The Swiss sisters and artists Claudia and Julia Müller like to distort people’s traditional perceptions of art through transformation. Ceramic vessels become canvases for painting. Two-dimensional works that appear to be paintings are actually monoprints on canvas. The collaborators also have a predisposition towards juxtaposing the figurative with the abstract. For their current exhibition at Maccarone in New York, which runs until 17 October, the Müllers selected the title ‘Umkehrschub’, the German word for ‘reverse thrust’ — meaning that opposing energy creates a new movement. Wallpaper* visited the gallery a few days before the opening to chat about the show.

‘The title explains the whole energy about how we approach painting,' says Claudia. The Müllers selected two black-and-white photographs of stone sculptures of female figures from the 1960s by Gerhard Marcks and Karl Geiser, projecting the images on the wall so they could paint murals over the projections. They placed groups of colourful ceramic vessels on stands in front of the murals to achieve a thought-provoking contrast. ‘Black and white are used as a juxtaposition against the color,' explains Claudia. Adds Julia, 'the stone is expressed in different ways, so it’s all about this inversion'.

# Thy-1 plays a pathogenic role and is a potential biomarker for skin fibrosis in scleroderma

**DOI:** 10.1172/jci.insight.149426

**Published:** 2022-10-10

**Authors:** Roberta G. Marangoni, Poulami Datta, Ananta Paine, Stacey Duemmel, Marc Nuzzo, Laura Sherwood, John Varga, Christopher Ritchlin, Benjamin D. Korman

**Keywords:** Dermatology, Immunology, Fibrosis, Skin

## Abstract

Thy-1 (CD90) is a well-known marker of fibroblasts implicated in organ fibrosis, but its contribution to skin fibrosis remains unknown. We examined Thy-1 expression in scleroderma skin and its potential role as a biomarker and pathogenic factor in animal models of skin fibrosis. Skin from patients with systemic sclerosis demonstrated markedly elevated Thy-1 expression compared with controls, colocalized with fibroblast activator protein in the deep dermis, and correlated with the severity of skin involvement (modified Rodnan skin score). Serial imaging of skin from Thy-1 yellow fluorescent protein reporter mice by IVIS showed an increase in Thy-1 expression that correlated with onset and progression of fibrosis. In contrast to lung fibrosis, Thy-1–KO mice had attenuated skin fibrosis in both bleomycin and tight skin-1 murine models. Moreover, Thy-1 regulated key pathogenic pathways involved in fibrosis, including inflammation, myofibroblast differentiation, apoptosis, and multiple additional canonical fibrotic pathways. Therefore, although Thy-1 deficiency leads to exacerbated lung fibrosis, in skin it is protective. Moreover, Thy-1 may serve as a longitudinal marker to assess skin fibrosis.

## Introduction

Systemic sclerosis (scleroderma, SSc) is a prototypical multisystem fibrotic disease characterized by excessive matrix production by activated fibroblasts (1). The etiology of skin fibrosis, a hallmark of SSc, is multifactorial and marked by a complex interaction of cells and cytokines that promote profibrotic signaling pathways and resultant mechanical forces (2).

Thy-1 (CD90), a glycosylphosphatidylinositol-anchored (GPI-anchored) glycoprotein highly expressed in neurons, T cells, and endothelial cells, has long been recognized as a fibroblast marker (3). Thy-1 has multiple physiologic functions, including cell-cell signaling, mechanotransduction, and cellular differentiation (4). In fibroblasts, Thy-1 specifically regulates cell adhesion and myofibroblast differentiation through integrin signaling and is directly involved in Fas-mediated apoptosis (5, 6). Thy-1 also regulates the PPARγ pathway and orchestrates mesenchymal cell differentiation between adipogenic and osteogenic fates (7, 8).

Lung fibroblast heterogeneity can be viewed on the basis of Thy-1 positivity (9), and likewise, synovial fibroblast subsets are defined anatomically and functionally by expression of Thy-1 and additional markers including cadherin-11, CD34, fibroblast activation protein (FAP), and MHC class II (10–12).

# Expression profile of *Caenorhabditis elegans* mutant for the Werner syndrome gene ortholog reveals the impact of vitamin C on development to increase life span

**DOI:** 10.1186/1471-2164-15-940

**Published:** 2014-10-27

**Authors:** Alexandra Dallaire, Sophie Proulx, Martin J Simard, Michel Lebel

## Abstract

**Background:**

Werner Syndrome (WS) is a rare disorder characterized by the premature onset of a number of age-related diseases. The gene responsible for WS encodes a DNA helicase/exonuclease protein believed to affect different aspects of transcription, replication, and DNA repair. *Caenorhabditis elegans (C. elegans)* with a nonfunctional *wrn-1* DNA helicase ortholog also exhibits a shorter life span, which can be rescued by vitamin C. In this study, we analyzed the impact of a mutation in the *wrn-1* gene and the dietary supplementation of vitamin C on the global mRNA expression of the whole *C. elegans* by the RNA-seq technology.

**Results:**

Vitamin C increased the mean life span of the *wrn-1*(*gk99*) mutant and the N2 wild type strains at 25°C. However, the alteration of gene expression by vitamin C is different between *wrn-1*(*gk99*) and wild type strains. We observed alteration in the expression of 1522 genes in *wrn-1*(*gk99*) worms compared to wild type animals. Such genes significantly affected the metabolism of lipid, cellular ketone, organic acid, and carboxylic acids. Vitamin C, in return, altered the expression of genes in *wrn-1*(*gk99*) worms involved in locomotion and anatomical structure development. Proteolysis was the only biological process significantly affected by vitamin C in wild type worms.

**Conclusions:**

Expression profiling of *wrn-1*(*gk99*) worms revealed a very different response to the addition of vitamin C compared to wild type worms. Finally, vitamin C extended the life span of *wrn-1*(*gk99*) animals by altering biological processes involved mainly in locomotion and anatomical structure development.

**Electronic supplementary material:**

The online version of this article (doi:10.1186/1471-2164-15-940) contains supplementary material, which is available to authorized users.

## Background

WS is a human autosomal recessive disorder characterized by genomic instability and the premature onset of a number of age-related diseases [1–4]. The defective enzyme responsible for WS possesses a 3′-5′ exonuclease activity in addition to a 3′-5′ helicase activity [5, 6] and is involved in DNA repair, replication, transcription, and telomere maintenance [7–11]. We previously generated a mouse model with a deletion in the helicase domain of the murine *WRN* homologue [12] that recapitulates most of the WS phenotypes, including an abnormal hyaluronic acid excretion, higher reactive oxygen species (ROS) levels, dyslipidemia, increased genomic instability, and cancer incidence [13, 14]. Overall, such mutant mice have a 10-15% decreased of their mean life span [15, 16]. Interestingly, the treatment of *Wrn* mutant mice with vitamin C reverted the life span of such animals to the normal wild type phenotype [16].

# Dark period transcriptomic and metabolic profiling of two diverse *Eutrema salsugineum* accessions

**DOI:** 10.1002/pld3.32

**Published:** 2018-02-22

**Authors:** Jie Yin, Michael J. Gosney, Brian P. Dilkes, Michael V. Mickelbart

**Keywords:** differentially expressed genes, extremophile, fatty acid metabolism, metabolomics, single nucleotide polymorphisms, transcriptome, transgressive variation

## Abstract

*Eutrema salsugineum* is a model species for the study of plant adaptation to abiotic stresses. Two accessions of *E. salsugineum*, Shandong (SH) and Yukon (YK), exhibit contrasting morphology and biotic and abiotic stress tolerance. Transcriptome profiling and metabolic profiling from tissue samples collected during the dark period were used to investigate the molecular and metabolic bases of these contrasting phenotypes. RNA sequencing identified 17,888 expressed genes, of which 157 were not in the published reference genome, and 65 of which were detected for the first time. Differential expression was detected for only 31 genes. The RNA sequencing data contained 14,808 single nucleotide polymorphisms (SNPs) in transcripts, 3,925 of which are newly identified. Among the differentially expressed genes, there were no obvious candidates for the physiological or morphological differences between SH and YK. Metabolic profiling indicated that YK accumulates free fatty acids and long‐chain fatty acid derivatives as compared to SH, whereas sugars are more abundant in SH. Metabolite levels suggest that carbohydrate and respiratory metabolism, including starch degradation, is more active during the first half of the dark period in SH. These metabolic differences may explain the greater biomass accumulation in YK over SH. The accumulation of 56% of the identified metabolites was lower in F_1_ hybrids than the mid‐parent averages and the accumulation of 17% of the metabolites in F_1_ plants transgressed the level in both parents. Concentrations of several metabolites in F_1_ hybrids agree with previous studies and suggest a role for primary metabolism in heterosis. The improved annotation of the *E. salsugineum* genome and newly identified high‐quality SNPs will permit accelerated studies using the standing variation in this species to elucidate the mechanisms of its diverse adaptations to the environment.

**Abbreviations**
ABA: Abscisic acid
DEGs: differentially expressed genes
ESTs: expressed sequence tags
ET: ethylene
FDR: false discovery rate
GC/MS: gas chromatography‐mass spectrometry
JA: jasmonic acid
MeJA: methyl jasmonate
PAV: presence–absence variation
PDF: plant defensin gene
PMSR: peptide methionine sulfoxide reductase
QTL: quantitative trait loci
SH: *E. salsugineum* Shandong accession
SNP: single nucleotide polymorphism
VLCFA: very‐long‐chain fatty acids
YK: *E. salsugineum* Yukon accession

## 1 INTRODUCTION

The other part of the exhibition consists of the monoprint-on-canvas works, and it reverses the idea the Müller put forth in the other piece; they place small black-and-white nude photographs of both men and women – some are models they selected, others are studies of the sculptures depicted in the murals – in the corner of vivid, large scale abstract prints that at first glance, look like paintings. ‘It’s a play or a game between sizes, gravity and perception of the body,’ says Claudia. ‘It’s not about sexuality,’ explains Julia. ‘It’s more about forms, movements, gestures, positions.’

They don’t just refer to the ceramic vessels as design objects; the sisters consider them art objects. ‘The vessel is a simple form, but actually we treat them like canvases for our painting.' They manipulated the ceramic into various forms to complement the murals.